ESPN this month will visit seven colleges and universities in an attempt to drive demand for ESPNews and ESPN Classic on campus cable systems.
During the first day of each of the two-day stops, ESPN will blanket the campuses with promotional materials in college newspapers, radio ads, posters and day-one flyers — all to drive attendance for the next day's "Full Court Press" event.
During the outdoor, basketball-themed events, participating students have the chance to win ESPN-themed merchandise, such as hats, jackets and T-shirts, vice president of affiliate marketing E.J. Conlin said.
In a variation on the popular playground game "Horse," students will be asked to shoot a basketball from different positions on the court to collect the letters that comprise ESPN's name, she added.
ESPN will also hold a sweepstakes at each college. The prize is a trip for two to ESPN headquarters in Bristol, Conn. Winners will watch a SportsCenter
telecast in-studio, tour the network's headquarters and meet on-air personalities.
In return, ESPN asks students to sign a petition requesting that the college add ESPNews and ESPN Classic to their cable lineup.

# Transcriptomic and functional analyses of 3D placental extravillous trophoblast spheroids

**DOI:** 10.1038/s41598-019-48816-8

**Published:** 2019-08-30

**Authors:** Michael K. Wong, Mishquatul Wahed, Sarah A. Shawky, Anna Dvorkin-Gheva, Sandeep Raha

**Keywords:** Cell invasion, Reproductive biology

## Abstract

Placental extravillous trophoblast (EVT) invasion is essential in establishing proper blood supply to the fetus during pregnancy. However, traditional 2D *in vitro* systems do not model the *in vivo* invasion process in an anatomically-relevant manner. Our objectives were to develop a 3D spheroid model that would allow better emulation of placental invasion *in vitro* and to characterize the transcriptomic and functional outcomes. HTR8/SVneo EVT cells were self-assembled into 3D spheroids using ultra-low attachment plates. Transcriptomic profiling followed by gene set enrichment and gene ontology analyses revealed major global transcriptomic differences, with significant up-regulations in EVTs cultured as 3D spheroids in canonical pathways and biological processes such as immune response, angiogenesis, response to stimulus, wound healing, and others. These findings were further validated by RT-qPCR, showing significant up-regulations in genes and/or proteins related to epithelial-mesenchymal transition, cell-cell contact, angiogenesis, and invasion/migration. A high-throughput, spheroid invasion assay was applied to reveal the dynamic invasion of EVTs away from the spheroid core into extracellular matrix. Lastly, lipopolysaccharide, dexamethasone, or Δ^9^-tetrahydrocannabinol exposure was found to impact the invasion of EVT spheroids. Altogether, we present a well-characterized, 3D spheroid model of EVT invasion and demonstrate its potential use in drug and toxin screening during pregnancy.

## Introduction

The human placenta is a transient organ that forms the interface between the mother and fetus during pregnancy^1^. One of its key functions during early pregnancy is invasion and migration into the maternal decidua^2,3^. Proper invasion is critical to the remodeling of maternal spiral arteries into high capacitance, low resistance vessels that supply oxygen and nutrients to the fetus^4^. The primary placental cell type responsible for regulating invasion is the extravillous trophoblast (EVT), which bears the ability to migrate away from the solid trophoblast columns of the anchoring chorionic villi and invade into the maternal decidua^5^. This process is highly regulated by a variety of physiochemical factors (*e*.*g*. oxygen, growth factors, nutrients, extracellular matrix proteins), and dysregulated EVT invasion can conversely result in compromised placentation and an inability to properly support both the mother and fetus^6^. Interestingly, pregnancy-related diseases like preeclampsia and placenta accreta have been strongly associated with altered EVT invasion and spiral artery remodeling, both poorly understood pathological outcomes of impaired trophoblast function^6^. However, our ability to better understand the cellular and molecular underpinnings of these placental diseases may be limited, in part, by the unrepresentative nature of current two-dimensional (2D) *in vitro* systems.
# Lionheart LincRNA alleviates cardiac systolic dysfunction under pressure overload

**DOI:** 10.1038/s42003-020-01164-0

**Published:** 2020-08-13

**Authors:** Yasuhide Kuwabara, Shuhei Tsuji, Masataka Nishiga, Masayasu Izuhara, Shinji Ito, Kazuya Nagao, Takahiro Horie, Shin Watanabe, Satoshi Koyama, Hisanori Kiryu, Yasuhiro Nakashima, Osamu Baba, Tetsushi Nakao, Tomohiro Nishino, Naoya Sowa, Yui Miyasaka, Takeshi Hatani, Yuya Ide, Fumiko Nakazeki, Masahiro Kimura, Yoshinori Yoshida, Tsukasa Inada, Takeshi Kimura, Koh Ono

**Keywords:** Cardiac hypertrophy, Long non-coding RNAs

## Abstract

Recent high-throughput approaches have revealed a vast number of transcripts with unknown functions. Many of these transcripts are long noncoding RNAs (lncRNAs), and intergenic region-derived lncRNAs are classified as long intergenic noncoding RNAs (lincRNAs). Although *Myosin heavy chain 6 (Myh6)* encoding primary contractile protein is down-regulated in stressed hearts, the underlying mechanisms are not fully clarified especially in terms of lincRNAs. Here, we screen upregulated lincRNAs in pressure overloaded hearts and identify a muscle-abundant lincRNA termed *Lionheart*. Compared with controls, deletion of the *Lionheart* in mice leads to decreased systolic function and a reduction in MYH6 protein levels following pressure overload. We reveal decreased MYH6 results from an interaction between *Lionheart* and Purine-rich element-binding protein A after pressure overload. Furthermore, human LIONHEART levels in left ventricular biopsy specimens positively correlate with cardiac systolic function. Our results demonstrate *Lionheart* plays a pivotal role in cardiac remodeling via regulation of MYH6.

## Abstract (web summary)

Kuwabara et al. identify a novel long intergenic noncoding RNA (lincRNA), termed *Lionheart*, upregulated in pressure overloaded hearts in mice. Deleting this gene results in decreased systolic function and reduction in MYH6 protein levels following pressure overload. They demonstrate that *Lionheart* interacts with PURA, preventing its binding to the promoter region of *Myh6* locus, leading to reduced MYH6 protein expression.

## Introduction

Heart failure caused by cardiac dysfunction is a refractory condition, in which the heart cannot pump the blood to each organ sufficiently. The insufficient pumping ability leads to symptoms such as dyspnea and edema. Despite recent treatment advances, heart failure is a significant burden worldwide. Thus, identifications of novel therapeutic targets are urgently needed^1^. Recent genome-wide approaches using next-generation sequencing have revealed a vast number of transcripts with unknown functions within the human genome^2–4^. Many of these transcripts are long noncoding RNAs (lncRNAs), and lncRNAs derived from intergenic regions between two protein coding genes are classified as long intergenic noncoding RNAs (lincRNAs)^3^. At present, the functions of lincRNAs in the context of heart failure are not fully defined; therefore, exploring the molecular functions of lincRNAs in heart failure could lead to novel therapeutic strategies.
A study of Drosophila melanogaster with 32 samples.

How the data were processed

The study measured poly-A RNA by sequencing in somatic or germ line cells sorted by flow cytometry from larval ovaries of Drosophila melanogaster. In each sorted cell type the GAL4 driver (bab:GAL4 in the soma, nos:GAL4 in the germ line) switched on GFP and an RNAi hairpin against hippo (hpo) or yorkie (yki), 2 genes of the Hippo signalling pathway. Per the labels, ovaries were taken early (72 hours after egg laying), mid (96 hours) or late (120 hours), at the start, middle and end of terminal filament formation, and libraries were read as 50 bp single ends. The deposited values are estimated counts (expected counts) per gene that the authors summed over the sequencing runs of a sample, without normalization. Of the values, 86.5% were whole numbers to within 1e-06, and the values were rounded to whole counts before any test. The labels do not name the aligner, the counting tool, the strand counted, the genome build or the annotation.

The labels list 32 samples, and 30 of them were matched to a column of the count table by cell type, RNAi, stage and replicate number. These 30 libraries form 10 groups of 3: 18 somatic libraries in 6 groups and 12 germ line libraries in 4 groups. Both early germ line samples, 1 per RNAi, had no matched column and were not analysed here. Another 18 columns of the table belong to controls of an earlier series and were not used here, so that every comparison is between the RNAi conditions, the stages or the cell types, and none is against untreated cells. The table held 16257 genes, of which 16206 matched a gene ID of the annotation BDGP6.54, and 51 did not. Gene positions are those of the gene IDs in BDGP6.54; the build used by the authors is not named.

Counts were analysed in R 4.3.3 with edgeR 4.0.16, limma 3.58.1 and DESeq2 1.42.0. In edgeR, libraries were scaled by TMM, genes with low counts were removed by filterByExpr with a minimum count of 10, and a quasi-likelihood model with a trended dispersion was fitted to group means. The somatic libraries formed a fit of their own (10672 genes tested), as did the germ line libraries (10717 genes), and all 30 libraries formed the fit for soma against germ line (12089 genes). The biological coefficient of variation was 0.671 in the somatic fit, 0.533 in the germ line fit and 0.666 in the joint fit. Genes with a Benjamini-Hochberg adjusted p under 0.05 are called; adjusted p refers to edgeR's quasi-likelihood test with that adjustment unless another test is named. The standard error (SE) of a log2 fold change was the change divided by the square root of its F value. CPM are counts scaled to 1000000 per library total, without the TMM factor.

"It's a market segment that has a tremendous distribution potential," Conlin said, noting that college students fall within the 18-to-34 target group for the networks.
ESPN has partnered with YouthStream Media Networks Inc., a company that hosts promotional tours on college campuses, because it has already built "fabulous relationships" with colleges and universities, Conlin said.
At ESPN's first stop, Emory University in Atlanta in early April, the company collected over 700 signatures for its petition and gathered 125 sweepstakes entries. Students were also given the option of mailing in the entry forms before May 30.
At Penn State University, ESPN collected 530 petitions and 102 sweepstakes entries.
"We didn't have great weather that weekend, but the kids still came out," Conlin said.
While collecting signatures during the petition drive, ESPN also asked students to complete a questionnaire about their viewing habits. Because the questionnaire is tied to the petition, Conlin said, she believes that students who choose to sign are "genuine and earnest."
The tour wraps up today (April 29) at Texas Christian University in Fort Worth, Texas.
Conlin said ESPN is pleased with the amount of on-campus buzz the campaign has created, but it's still too early to know what impact the petitions will have on future negotiations with special-markets operators.
ESPN plans to monitor how the campaign affects distribution before determining whether to take the tour to other colleges next year. It may also look to host football-themed events next fall.